February 2015

Advocacy: Assisted Suicide Ruling Released
CACL: What's At Stake in Friday's Supreme Court Decision on Assisted Suicide

Feb 6, 2015
Whatever decision the Supreme Court of Canada makes in the Carter vs. Canada ruling to be released on Friday - to hold the line against assisted suicide in the Criminal Code, or to strike it down - the public standards of what it means to live a dignified life are at stake. At the core is a question about what it means to live a meaningful life until the end - and in our Canadian society, a decision from the court cannot reflect the complexity of these choices in anyone's individual life.

If the Court strikes down the prohibition against assisted suicide, the fears of some will be assuaged by the knowledge that, at a time of their choosing, they may seek state-sanctioned intervention to cause their death. But for a growing group of Canadians whose daily lives fundamentally depend on the personal care and support of others, their fears are only heightened by such an outcome.

What is the basis for this fear? For those who receive care, for those who provide care, and for those who advocate for equality and inclusion alongside a wide variety of Canadians, the risk is palpable. Dependence upon others will come to be seen as a suffering too great to bear. The risk is that in private conversations, in policy choices and in adjudicated determinations, dependence will come to be equated with indignity when actually it is an essential part of living. And the larger fear is that the shape of such a life will become a good reason to seek its termination.

The risk of this cultural slide may well present the biggest challenge to Canadian values in our generation, the underlying value of an individual life.

Assisted Suicide Decision Changes Landscape, Makes Disability a Defining Issue  

Feb 13, 2015   

The decision of the Supreme Court fundamentally alters end-of-life for all Canadians. The Council of Canadians with Disabilities (CCD) and the Canadian Association for Community Living (CACL) are profoundly disappointed by last week's ruling and extremely concerned about the implications of the ruling.

An immensely important discussion must now begin with Canadians and politicians at all levels, with civil society, health professions and the legal community. We start from the premise that the lives of Canadians with disabilities are worthy of the utmost respect. Such respect, regrettably, cannot be taken for granted.

What happens now? In the days ahead, members of CCD and CACL will review the judgment in detail, seeking to grasp its full implication and to comprehend the Court's dramatic departure from a legal precedent established 22 years ago in Rodriguez v British Columbia. And in the months and years to come, we will redouble our efforts to secure conditions of equal respect and robust citizenship for all Canadians with disabilities. The stakes are higher now than ever before.

There are difficult days ahead. The Canadian disability movement remains united in our claim that the lives of people with disabilities  matter. We speak with one voice in our condemnation of all forms of discrimination and abuse. We affirm together our entitlement to live good lives in places and conditions of our choosing. Consistent with our long history of fearless and principled advocacy, we now join with fellow citizens across the full spectrum of views on end-of-life in an urgent call for universal, unencumbered access to the highest possible standard of palliative care in Canada.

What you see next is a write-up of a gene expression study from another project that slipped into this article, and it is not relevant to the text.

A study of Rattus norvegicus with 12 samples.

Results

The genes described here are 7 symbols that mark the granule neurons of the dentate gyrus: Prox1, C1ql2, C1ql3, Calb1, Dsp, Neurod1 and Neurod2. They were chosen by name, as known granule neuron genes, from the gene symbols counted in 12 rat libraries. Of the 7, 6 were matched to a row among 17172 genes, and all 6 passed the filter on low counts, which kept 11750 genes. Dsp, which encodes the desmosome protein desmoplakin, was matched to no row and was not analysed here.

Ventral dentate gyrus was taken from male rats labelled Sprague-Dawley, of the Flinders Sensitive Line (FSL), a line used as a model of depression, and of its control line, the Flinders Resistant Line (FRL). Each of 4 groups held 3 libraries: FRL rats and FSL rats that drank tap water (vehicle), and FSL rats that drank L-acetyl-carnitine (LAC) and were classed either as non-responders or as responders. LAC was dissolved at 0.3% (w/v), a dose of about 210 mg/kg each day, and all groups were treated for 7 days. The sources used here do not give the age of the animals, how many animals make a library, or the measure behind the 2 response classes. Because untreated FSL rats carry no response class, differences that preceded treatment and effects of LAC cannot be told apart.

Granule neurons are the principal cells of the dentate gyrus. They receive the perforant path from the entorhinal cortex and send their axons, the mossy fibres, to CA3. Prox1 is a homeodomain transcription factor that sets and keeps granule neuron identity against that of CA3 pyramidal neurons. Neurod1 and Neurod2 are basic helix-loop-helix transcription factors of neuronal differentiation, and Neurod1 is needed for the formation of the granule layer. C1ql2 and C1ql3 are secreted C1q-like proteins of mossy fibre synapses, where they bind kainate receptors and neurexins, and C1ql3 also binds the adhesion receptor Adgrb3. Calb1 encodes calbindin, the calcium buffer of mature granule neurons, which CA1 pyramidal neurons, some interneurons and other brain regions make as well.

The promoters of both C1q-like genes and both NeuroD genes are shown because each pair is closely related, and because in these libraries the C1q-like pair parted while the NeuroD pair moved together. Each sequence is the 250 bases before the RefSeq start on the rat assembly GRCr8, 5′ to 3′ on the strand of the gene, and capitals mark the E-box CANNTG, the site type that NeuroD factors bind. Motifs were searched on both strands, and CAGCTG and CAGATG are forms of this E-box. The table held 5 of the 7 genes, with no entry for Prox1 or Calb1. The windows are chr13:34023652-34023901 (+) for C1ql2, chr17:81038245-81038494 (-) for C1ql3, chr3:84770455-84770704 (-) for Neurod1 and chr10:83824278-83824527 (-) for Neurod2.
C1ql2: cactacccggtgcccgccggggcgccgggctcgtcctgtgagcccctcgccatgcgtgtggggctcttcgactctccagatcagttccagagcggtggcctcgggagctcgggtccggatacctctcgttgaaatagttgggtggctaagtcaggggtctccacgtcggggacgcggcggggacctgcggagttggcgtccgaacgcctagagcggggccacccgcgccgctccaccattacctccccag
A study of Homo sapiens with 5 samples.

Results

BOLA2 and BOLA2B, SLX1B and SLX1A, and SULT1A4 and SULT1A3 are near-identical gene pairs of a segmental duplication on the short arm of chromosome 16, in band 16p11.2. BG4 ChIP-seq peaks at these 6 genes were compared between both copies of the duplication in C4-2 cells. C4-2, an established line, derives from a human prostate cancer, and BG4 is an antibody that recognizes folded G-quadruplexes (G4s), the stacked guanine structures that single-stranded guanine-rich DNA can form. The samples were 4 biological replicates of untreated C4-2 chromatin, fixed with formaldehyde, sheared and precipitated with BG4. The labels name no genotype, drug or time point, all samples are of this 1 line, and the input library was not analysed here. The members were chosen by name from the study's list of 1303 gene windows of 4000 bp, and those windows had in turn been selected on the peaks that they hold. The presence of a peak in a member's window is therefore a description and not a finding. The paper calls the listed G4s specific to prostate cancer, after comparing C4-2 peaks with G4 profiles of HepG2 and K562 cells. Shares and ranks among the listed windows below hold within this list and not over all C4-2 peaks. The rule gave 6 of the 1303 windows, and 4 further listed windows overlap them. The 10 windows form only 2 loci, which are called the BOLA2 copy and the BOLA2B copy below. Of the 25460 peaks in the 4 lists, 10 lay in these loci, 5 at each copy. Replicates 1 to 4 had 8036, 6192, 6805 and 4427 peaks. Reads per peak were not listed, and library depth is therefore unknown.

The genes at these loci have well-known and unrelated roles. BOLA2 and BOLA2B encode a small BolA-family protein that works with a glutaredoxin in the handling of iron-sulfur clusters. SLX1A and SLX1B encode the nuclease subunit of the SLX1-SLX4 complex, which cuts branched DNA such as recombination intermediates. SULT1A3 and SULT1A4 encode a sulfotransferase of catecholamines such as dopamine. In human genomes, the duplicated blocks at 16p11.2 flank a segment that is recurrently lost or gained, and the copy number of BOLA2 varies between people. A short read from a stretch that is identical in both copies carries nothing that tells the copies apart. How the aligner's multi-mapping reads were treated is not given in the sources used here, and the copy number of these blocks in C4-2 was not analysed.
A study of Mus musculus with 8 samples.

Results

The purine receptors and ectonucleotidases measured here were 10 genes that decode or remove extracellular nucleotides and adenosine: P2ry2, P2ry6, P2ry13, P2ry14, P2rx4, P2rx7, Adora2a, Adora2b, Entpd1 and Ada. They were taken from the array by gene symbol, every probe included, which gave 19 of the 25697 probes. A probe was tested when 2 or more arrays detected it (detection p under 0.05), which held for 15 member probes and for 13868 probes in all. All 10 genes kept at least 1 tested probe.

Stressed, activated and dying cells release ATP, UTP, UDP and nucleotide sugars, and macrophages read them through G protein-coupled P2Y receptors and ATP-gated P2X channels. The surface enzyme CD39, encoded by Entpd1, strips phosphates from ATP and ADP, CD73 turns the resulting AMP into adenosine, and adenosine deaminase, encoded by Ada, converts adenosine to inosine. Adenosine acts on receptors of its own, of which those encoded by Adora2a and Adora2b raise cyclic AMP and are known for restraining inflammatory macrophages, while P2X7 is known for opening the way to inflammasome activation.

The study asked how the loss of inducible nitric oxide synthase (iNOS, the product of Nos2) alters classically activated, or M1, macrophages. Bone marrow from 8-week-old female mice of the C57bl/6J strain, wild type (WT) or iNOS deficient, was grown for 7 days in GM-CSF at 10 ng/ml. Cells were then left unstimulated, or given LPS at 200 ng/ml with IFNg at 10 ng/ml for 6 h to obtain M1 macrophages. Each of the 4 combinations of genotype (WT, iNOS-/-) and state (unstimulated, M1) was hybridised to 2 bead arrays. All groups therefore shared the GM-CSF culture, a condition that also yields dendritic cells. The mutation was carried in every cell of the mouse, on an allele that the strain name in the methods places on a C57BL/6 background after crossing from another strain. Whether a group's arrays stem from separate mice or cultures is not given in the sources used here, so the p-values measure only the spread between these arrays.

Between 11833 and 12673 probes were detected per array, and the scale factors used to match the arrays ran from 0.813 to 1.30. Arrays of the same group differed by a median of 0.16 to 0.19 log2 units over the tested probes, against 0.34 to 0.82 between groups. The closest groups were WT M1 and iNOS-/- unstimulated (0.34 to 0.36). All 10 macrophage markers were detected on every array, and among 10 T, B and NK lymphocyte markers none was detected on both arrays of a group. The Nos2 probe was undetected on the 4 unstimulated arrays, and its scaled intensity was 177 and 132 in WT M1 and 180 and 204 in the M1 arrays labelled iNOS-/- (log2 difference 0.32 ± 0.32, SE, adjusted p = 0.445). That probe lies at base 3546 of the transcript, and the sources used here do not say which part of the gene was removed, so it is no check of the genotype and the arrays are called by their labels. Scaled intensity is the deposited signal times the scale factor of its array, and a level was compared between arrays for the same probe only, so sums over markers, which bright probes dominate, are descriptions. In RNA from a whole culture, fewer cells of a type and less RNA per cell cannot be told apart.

Via CACL Blog & Community Living Ontario Weekly Update - February 13, 2015
Developmental Services Spotlight on Transformation - Issue #46 February 2015 
Promoting Employment - Improving Services 

Thirty-eight projects were selected to receive funding under the new Developmental Services Employment and Modernization Fund.


The selected projects will promote employment in the community for adults with developmental disabilities, and support person-centred and sustainable services.  Read more... 

Minister of Community & Social Services, Helena Jaczek Visits The Woollen Mill
February 5, 2015 --- Jeff Leal and Minister Jaczek discuss Innovative Housing Solutions with Residents at Woollen Mill
Toronto Teen with Down syndrome Inspires with 'All of Me' Cover
A 13-year-old Toronto girl with Down syndrome is making waves in the entertainment industry after her cover of John Legend's hit "All of Me" went viral.

Madison Tevlin recently covered the chart-topping song with the help of her vocal coach. The video was uploaded to YouTubelast month and has since had more than 4.5 million views.

"I was not expecting this. It was so crazy," Tevlin told CTV News Channel Tuesday, referencing the positive feedback she's received about her performance. And it's not just Tevlin who has been kept busy over the past few days. Tevlin's mother, Grace, has been fielding media calls from people who are interested in interviewing her daughter.

"Everyone has been calling my mom," Tevlin told CTV Toronto on Wednesday. "They want to interview me." Prior to filming the video, Tevlin said she practiced "a lot" to perfect her performance. She says she hopes the video will reach 21 million views by March 21 in honour of World Down Syndrome Day.

Unlike most teenagers, however, singing is more than about hitting the right key for Tevlin. According to the National Down Syndrome Society, children and adults with the condition generally face communication challenges, such as composing sentences. Tevlin's vocal coach Marla Joy adds that people with Down syndrome usually also have tonal issues.

"Down Syndrome children should have low, monotone, gruffy voices. They have problems with hearing and shouldn't be able to memorize as easily," she told CTV Toronto on Monday. But those challenges have not stopped Tevlin from breaking out into song whenever she can.